HOME SECRETARY Priti Patel’s policy of using run-down military barracks as asylum accommodation is “unsafe” and threatens asylum-seekers’ health, according to a new report published today. 

Research by charity Doctors of the World found that asylum-seekers staying in hotel accommodation and sites like Napier Barracks in Folkestone did “not receive adequate healthcare.”

Evidence gathered by the charity showed that the substandard conditions were exacerbating mental health conditions including depression, anxiety and post-traumatic stress disorder (PTSD). 

People were unable to get prescriptions, medical care for pregnancy and children, referrals to specialists or ongoing support for medical conditions, both chronic and acute, the report found.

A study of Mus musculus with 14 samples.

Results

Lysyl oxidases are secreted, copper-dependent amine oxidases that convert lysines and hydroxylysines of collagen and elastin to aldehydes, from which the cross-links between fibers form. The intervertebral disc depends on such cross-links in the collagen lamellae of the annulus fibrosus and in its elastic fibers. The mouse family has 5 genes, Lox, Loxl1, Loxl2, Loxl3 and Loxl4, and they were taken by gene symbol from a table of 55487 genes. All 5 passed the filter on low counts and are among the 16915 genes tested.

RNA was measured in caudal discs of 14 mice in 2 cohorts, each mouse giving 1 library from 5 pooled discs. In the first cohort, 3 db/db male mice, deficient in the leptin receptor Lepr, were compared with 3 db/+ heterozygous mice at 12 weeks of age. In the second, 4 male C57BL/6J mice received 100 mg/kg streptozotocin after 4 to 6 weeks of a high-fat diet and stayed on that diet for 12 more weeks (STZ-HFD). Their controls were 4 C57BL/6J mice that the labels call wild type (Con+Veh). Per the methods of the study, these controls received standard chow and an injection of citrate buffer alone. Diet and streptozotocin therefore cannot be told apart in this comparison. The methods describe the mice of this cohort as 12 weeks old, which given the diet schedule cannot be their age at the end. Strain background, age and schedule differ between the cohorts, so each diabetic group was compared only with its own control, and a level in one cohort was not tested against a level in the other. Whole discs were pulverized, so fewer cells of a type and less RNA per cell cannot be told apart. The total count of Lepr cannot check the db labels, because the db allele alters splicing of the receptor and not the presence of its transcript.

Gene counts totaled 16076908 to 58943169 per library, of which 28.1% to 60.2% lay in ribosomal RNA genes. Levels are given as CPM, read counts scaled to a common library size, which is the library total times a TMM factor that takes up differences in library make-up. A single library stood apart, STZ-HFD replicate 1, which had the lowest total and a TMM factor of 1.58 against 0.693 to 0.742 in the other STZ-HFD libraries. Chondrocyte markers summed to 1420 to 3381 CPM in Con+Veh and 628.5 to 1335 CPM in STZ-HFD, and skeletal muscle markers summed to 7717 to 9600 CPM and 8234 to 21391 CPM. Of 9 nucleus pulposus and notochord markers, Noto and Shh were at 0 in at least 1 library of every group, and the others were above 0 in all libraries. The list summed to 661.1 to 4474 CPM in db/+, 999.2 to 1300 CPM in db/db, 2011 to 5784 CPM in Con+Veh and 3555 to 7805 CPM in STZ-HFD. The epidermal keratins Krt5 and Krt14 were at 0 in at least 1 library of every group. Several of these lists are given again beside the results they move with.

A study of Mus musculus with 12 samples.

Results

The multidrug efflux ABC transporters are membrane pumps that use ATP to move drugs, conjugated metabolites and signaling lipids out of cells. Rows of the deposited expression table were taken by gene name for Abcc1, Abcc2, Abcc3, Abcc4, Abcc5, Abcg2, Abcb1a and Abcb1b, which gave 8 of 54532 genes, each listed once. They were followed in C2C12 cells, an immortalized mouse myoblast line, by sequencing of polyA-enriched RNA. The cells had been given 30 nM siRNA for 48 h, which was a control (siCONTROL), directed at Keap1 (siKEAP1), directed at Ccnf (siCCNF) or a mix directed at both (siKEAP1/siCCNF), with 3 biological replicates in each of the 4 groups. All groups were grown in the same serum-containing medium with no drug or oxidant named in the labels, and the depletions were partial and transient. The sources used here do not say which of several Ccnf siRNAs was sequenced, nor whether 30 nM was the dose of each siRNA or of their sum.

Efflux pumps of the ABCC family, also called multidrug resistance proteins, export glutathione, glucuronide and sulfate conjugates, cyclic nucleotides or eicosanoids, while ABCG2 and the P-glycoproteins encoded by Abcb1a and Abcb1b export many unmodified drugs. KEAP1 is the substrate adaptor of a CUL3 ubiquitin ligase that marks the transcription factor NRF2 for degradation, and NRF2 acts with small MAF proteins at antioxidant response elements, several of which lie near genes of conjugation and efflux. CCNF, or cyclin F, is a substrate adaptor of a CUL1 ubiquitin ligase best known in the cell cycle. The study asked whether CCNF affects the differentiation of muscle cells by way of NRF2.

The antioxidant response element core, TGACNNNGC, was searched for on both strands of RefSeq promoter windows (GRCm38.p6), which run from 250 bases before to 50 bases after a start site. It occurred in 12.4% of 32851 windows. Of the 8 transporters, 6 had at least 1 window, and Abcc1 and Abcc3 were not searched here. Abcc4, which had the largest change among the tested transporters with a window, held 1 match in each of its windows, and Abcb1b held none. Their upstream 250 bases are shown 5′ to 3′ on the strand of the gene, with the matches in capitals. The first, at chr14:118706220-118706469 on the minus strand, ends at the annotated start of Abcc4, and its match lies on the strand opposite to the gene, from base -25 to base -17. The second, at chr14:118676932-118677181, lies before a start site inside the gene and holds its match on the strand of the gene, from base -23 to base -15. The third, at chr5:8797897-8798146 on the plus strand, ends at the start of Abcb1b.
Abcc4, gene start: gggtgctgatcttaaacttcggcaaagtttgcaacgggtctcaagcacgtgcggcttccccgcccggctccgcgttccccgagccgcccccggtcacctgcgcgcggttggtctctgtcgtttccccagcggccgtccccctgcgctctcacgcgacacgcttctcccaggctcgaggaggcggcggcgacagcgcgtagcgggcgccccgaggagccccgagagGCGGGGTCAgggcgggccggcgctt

Doctors of the World senior lead for outreach services Dr Durga Sivasathiaseelan said people did not have regular access to health information and were left to “navigate the system on their own.” 

“It was shocking to realise that access to healthcare was not a priority when creating accommodation models for asylum-seekers,” she said. “I witnessed how this led to huge unmet health needs.”
The Home Office is seeking to open more sites based on the Napier model as part of the Home Secretary’s asylum reforms. 

Doctors of the World is urging the Home Office to rethink the plans and “prioritise the health and wellbeing of people seeking sanctuary.”

A Home Office spokesperson said: “Napier Barracks is safe and we treat the welfare of those in our care with the utmost importance and sensitivity. 

“There is 24/7 medical support for asylum-seekers at Napier Barracks, including a prescribing nurse, dental care on site and access to local GP services, which includes mental health support.”